The Nature of Memory and selfhood: -

Idiot savant

kiwifarms.net
no it means a small part of you changes. you are your body you are the coast, the mind is the ocean goin in and out. by memory most people mean experience on a much deeper sense. a bug can be trained not to like a certain volitile oils scent but it isn't capable of remembering anything. some people think all memories are still in there just not accessible by your O.S. or conscious mind but constantly being referenced by your subconscious .that would make sense to me (by people i mean neuroscientists and biologists)
 

shameful existence

on herself she had no pity
kiwifarms.net
I agree with you that memories shape our identity. But since you used the word foundation - I'm pretty sure our biology is the foundation of our identity.
Also, memories affect us on a deeper level than the conscious one. So forgetting something doesn't always mean losing it.
 

Jewthulhu

A rare deepwater Jew
kiwifarms.net
If memory is the foundation of our identity, does that mean if we forget something, even something small like the plot of a game or something, a small part of us dies? As memories define our identity.
No. There's a lot of reasons why but TL;DR the impression (or lack thereof) something left on our psyche will remain even if we can't recall it.
does genetic memory count?
Define "genetic memory"
 

Truly Rural

Helping the Homeless, one undead at a time
kiwifarms.net
I don't think identity is volatile thing. I don't believe identity is subject to change whatsoever. But then again it's all semantics. I do not think my identity is based on memories any more than it is based on flesh and bones. If my leg got amputated, my circumstances would definitely be different, my experience would change drastically but it would still be the same experiencer. Cells in our body constantly die and are reborn, memories come and go. There is not a single cell in us that existed 8 years ago. If by identity you meant something like personality, experience or character then I guess a part of that might die, or rather be transformed for better or worse. So rule should be to never identify oneself with things that are subject to change exactly because these things will change. This is of course easier said than done.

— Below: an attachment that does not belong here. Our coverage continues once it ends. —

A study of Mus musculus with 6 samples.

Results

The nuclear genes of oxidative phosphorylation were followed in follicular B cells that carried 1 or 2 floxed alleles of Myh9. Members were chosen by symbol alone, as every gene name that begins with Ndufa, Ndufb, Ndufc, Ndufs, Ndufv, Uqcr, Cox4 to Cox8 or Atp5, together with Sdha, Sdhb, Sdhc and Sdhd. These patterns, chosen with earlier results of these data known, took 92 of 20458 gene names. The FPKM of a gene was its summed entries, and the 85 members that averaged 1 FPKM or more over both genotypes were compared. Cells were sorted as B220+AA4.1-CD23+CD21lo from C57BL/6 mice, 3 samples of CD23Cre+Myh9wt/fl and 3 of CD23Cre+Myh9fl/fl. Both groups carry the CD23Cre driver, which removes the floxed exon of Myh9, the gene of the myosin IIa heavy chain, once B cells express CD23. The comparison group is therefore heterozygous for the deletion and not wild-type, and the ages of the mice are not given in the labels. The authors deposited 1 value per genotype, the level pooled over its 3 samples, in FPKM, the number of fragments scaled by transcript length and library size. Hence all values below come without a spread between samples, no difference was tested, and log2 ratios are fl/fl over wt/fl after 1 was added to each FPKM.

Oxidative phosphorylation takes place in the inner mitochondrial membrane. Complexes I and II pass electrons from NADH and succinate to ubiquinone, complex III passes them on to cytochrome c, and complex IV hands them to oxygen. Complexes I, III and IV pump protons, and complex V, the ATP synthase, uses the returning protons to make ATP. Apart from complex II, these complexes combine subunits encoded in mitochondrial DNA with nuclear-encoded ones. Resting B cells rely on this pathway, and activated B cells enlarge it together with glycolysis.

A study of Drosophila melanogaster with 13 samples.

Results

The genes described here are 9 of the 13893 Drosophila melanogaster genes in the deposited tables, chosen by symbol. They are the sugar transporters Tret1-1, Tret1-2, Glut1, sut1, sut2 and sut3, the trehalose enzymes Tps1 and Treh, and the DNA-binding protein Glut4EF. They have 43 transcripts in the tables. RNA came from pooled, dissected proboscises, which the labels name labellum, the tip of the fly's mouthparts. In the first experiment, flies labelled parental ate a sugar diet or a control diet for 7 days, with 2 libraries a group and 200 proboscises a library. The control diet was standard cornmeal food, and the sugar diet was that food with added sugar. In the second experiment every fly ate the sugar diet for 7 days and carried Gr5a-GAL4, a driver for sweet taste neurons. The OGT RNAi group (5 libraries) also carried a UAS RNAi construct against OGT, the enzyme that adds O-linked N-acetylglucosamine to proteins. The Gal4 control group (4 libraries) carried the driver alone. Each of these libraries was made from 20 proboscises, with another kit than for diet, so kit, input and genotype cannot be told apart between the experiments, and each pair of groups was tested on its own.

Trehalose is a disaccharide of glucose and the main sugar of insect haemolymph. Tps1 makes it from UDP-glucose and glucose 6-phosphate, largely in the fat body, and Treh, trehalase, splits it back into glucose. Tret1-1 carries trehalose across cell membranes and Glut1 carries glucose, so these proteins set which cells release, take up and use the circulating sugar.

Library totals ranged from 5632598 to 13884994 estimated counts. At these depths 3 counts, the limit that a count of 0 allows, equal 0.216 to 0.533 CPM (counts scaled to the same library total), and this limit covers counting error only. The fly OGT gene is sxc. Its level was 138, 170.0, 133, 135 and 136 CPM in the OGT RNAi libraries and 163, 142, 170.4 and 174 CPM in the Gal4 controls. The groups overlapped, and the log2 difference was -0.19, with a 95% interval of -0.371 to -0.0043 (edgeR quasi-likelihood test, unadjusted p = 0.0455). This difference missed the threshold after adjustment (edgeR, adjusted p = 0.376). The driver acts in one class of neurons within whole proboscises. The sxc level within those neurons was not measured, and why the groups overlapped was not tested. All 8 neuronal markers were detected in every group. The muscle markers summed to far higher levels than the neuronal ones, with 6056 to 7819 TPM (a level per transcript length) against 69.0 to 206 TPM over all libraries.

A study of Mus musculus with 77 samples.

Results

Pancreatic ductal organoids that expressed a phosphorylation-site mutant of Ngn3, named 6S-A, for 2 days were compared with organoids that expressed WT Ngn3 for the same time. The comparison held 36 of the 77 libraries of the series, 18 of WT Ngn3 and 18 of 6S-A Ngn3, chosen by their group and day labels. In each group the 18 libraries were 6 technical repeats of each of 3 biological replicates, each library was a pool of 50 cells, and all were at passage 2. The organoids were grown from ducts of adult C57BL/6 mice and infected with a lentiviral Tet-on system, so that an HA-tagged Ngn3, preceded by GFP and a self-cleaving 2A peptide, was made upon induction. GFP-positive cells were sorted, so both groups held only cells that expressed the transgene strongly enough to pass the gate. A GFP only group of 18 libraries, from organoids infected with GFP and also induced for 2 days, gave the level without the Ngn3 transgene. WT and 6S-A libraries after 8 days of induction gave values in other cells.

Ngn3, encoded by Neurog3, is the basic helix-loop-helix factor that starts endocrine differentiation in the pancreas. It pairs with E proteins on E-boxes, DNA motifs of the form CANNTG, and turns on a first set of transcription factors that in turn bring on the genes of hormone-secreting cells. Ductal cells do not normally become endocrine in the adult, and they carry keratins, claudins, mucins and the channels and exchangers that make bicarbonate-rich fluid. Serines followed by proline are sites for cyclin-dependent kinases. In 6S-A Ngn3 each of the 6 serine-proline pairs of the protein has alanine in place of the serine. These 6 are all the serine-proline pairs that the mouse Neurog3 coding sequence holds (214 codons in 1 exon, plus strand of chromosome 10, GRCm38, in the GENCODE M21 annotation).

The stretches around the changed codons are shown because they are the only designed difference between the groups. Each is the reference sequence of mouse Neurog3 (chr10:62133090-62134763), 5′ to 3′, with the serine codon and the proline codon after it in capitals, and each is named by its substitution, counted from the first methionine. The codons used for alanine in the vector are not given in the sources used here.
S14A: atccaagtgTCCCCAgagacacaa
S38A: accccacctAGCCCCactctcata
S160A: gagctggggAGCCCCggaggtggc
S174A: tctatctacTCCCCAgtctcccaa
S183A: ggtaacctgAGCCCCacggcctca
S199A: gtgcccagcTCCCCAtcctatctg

Same event at different times can be remembered differently. Month after a wedding, and month after the divorce person will remember their wedding differently. However it is only the experience that changed; not the experiencer. And that person's identity would be same even if they never got married. Don't mistake yourself to be the things that happened to you, or the thoughts and memories you have.
 

ArnoldPalmer

kiwifarms.net
Define "genetic memory"
In psychology, genetic memory is a memory present at birth that exists in the absence of sensory experience, and is incorporated into the genome over long spans of time.[1] It is based on the idea that common experiences of a species become incorporated into its genetic code, not by a Lamarckian process that encodes specific memories but by a much vaguer tendency to encode a readiness to respond in certain ways to certain stimuli.
 

Jewthulhu

A rare deepwater Jew
kiwifarms.net
If you get reminded of something you long forgot does that make you part zombie?
Technically, once something's in long-term memory you can't actually forget it. Your ability to recall something will decrease with time but the memory is still stored and can be recalled.
I ask because some people thing genetic memory is the passing down of autobiographical memories through the genome (ala Assassin's Creed). What the article is describing is basically just inherited instincts.
 

Thumb Butler

Hand over the IPs, child.
kiwifarms.net
I'm genderfluid and obviously very mentally ill, and today I'm a lesbian diaperfur. Tomorrow I might wake up rather confused and disgusted because I'm wearing a pink diaper and it's smelly.